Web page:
Cherangi, My journey to name the color variables :)

Amin Shariati
Oct 22, 2017 · 4 min read

How did it all start

As a frontend developer, I usually deal a lot with color names on my projects. So when I want to start a project, I typically create a SCSS file and name it colors, then I define all the color variables in it.

How my variables in color.scss looks like

So the problem is when I want to name these variables. It’s easy for the primary colors but when it comes to a big range of color names I have no idea what to call them? Well, I only know Red, Green, and Blue 😎 (OK, Just kidding… I recognize more color names… 😉).

So this would take about 15 minutes of my time just to choose a proper name. Such a waste of time 😔.

I was sure there had to be a better way. So I searched a bit and found some helpful websites that helped me to decide color names, such as http://chir.ag/projects/name-that-color

The tools were nice and beautiful but I didn’t like to leave my coding environment and to switch to another app just to find a name. So I decided to write a small node module to do that for me.

And “Cherangi” was born.

Cherangi (Che Rangi?) is a Farsi (Persian) sentence which means “What color?”

Cherangi node module in action

Installation

$ npm install -g cherangi

Usage

$ cherangi #fcfcfc

results

{ status: 2,name: 'Brilliance',hex: '#fdfdfd',delta: 0.34559411394170403,message: 'Not perceptible by human eyes' }

How did I develop Cherangi

To get started, The fastest way for me to get the names will be through the terminal; I can access terminal within Visual Studio Code (Which is my primary code editor). And Node modules can be executed as CLI, so I decided to make cherangi as a node module.

The source code can be found here 👇 on my github page.

So creating node module was simple I had already built few other modules, and I immediately started to write the codes.
First I needed a function to read the input and sanitize it to be a HEX color value.
Then the next challenge was the names. Well, apparently I couldn’t name the colors, so I needed a library of color names to help me.

The first thought was to search the web for names and extract them. When I started to do so, I found a great github project by meodai who had already built what I was looking for.

So I used his color library (16K+ Color 🌈 names available 😎).

OK now lets face the next challenge, The tool had to read the input color and match it against the color library. if it was a match then I needed to show the name but what if no match were found?

If no matches were found the best way was to show the closest color in the color library that matches the input color.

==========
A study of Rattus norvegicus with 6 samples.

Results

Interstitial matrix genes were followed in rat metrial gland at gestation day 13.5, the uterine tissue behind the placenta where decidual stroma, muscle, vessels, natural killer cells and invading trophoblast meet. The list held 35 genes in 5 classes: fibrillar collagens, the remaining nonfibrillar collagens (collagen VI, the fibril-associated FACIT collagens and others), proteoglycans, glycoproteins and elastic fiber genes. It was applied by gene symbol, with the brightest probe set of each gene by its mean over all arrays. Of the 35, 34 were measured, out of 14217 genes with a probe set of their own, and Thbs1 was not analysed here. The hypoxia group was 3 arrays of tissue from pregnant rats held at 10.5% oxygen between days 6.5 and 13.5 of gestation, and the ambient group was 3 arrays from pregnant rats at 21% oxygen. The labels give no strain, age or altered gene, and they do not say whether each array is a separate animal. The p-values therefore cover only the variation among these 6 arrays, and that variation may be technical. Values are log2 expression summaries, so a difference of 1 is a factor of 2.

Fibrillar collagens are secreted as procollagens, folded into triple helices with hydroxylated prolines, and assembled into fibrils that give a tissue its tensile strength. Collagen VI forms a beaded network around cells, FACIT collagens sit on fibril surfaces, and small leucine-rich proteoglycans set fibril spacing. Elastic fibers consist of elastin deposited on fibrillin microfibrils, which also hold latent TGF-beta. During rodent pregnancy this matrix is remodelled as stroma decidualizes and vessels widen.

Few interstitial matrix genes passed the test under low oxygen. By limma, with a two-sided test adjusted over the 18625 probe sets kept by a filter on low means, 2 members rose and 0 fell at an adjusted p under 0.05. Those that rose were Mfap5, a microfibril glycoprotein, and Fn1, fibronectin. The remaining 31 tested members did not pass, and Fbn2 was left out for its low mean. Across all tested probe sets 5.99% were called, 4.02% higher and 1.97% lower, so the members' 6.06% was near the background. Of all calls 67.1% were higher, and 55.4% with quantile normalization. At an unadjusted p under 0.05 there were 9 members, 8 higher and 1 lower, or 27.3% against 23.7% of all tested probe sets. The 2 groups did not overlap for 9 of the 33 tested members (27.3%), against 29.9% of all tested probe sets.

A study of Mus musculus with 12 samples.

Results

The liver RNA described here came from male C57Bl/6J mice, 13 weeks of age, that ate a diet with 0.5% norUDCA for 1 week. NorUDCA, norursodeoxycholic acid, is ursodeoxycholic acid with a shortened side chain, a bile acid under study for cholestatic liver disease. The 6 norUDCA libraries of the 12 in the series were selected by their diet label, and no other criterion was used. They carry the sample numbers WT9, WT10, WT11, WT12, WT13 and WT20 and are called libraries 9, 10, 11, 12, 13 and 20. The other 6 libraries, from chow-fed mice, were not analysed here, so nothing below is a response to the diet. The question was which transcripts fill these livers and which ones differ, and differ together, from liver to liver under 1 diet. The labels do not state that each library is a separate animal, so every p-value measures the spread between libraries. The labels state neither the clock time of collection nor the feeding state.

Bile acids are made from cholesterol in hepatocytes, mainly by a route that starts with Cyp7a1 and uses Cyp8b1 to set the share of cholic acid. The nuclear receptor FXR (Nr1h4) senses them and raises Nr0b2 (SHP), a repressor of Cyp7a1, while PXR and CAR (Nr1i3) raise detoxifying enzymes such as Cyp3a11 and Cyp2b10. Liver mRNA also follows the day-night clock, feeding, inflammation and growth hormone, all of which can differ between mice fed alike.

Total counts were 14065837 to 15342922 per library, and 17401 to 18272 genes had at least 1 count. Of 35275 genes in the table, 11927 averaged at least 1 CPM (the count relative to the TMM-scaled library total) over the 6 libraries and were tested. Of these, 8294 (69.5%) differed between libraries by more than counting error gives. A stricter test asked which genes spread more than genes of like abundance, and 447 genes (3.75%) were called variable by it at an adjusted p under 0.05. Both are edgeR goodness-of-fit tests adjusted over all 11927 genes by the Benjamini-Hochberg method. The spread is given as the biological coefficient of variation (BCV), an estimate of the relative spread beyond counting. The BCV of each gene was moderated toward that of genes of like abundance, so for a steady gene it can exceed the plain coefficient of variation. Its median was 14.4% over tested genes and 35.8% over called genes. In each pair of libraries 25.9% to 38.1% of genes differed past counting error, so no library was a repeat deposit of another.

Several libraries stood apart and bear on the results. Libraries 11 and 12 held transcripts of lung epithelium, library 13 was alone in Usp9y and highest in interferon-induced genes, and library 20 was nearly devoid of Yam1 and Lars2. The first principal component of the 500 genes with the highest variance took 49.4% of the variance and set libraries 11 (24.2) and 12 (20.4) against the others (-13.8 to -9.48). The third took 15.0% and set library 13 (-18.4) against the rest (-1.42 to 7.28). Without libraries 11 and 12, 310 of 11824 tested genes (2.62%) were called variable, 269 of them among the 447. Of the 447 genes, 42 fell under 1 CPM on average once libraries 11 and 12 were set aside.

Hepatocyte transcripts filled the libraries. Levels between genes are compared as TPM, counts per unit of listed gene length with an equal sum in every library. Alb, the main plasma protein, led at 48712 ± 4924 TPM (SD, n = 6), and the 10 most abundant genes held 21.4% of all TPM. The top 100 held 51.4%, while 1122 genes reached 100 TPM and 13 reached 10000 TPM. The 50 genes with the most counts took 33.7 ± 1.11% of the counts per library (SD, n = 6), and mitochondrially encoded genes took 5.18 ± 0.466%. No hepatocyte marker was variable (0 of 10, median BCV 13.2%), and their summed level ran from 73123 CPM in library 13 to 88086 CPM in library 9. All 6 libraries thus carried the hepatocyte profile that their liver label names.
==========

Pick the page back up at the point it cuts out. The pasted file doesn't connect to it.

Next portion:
But how? After a bit of research I learned more about color systems by reading about them (I love coding … isn’t that awesome? You learn so much while you want to create something).

So what I learned was, I needed to find the distances between these two points; hence I had to change the RGB color system to LAB color system to be able to calculate the distance using the Delta E algorithm.

Thanks to Zachary Schuessler for the great article about Delta E, I managed to write the function to do the calculation and find me the closest color.

The beautiful thing this algorithm was that it could return the delta itself which I modified it a bit in my function and called it status.
Now status value could even say how far the two colors are from each other and how detectable it is for human eyes 👀. Voila! 🎉 that’s so cool, Now I can even say can a human detect the deferences of two colors or not.

So problem solved now I had a nice function to do all the calculations for me.

deltaE1994 Function

mathColor Function

Now I could read the input, match it against the color library and if no match was found a closest color was selected and the following object was sent for the user:

{ status: 2,name: 'Brilliance',hex: '#fdfdfd',delta: 0.34559411394170403,message: 'Not perceptible by human eyes' }

And that’s all folks 🙂 the module is ready. I hope you like it.

Please leave me your comments below so I can enhance this tool further.

Very soon I’ll be writing about my journey in creating this into a Mobile 📱 app.

Cheers!

Netscape

A community dedicated to those who use JavaScript every day.

Amin Shariati

Written by

Front-End Developer who Enjoys photography and dealing with latest libraries and frameworks in Javascript and CSS.

Netscape

Netscape

A community dedicated to those who use JavaScript every day.